Cantabria becomes first region in Spain to ban fracking
PP premier submits bill to prohibit controversial gas-extraction technique
"Those scavengers are bleeding the Earth." That is how Manuel López describes his battle against energy companies involved in fracking in Cantabria. The controversial hydraulic fracturing technique, to obtain gas from depths of over 2,000 meters, has been denounced by environmentalists all over the world because of its possible health consequences on people in surrounding communities.
López, an environmental technician from Santander, has joined forces with Daniel González, a public works engineer who lives in the Cabuérniga valley, and Ángel Saiz, the mayor of the town of Villacarriedo, to stop fracking in their northern region, as well as throughout Spain.
Their campaign has pushed the Cantabria regional parliament to begin debating a bill to make this practice illegal, even though the technique has the endorsement of the Industry Ministry.
Since 2011, six shale gas exploratory permits have been granted in the small mountainous region: five by the Industry Ministry and one by the former regional government of Miguel Ángel Revilla. In the rest of Spain, the ministry has given permission to 22 companies to explore for gas by fracking in some 400,000 hectares of land, with most of the operations now taking place in the Ebro river basin.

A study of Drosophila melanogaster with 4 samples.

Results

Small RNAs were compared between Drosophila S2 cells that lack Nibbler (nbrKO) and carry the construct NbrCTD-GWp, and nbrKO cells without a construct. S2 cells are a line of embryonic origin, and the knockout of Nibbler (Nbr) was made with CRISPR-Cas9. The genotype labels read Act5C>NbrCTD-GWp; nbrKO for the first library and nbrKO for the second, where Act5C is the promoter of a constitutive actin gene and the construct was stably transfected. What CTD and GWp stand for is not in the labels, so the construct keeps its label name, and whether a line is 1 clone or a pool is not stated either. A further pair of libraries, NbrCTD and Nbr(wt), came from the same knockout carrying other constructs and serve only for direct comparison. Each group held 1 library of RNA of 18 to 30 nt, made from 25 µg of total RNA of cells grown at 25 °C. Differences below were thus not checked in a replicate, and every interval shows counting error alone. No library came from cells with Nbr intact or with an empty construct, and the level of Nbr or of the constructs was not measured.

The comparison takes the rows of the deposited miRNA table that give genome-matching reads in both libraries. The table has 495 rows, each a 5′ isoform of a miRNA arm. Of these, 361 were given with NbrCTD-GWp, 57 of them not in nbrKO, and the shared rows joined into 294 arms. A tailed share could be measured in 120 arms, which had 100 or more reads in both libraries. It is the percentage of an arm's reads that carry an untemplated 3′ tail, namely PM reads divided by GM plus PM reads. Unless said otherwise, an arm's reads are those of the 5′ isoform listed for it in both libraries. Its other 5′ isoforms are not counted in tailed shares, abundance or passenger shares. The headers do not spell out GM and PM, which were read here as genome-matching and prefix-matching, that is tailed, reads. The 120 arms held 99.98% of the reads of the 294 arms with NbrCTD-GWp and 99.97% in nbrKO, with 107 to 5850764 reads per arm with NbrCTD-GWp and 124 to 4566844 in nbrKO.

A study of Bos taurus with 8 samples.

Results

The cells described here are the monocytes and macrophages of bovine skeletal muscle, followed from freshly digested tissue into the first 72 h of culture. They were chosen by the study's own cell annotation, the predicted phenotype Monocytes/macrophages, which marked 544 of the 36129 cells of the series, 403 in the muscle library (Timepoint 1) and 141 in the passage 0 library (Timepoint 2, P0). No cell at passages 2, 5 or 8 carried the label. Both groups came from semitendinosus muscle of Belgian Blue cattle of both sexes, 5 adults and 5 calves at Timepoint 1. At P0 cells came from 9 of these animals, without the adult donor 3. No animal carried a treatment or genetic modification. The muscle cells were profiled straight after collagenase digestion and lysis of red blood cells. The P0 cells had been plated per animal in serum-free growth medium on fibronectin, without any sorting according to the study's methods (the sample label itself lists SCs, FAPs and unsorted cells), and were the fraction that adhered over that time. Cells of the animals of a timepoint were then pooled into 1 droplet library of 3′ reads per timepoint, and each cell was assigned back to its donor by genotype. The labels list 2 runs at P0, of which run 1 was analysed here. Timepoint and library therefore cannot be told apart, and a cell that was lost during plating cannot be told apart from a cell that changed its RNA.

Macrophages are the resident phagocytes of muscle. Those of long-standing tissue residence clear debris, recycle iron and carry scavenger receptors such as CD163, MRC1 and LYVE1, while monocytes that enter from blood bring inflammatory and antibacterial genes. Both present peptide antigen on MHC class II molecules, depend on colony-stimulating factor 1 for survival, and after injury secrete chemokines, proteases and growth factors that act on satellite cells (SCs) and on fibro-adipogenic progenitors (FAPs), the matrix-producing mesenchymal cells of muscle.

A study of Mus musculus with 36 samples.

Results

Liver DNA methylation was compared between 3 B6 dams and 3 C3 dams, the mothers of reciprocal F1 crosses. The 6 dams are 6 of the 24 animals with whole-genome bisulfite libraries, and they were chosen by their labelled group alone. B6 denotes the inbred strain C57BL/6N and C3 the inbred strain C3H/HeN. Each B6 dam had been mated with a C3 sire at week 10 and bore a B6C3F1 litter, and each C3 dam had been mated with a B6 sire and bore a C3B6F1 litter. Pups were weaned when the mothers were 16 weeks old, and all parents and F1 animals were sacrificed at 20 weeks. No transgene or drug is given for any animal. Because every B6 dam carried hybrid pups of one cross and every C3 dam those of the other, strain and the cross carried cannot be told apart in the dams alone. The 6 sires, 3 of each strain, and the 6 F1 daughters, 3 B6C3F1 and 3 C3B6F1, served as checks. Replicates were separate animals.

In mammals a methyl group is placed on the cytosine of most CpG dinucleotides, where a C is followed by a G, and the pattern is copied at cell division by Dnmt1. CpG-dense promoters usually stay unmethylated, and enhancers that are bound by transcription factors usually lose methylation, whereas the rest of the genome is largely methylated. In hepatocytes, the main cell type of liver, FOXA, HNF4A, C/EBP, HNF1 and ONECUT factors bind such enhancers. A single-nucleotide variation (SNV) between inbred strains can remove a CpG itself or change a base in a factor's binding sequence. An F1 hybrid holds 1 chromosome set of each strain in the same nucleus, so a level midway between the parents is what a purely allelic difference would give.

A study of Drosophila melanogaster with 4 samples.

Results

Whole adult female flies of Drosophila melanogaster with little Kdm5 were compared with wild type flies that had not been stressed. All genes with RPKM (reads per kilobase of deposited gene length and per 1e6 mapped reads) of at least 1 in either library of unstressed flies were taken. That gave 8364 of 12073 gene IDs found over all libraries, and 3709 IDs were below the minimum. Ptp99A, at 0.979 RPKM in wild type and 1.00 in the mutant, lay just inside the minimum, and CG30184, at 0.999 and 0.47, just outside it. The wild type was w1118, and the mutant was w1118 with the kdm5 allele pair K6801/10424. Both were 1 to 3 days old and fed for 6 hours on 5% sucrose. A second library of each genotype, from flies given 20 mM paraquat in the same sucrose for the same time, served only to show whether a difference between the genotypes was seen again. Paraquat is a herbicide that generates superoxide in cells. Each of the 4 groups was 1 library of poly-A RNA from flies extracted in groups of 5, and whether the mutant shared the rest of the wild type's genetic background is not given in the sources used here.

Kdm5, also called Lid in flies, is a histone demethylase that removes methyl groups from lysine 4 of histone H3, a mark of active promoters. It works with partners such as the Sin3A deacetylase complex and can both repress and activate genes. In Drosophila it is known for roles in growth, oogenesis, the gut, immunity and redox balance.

Hydraulic fracking is an extreme water-intensive process for obtaining gas encrusted in small pockets of rock deep beneath the Earth's surface, at around 2,500 meters. Between seven and 15 million liters of water mixed with sand and chemicals - some reportedly carcinogens - are pumped below under high pressure to ensure the rock breaks and gas is released.
After months of protests in the region, the Cantabria government of Ignacio Diego, of the Popular Party (PP), last December drafted a bill to prohibit fracking. If passed in two to three months -- as the regional government expects -- Cantabria will become the first region in Spain to ban the method.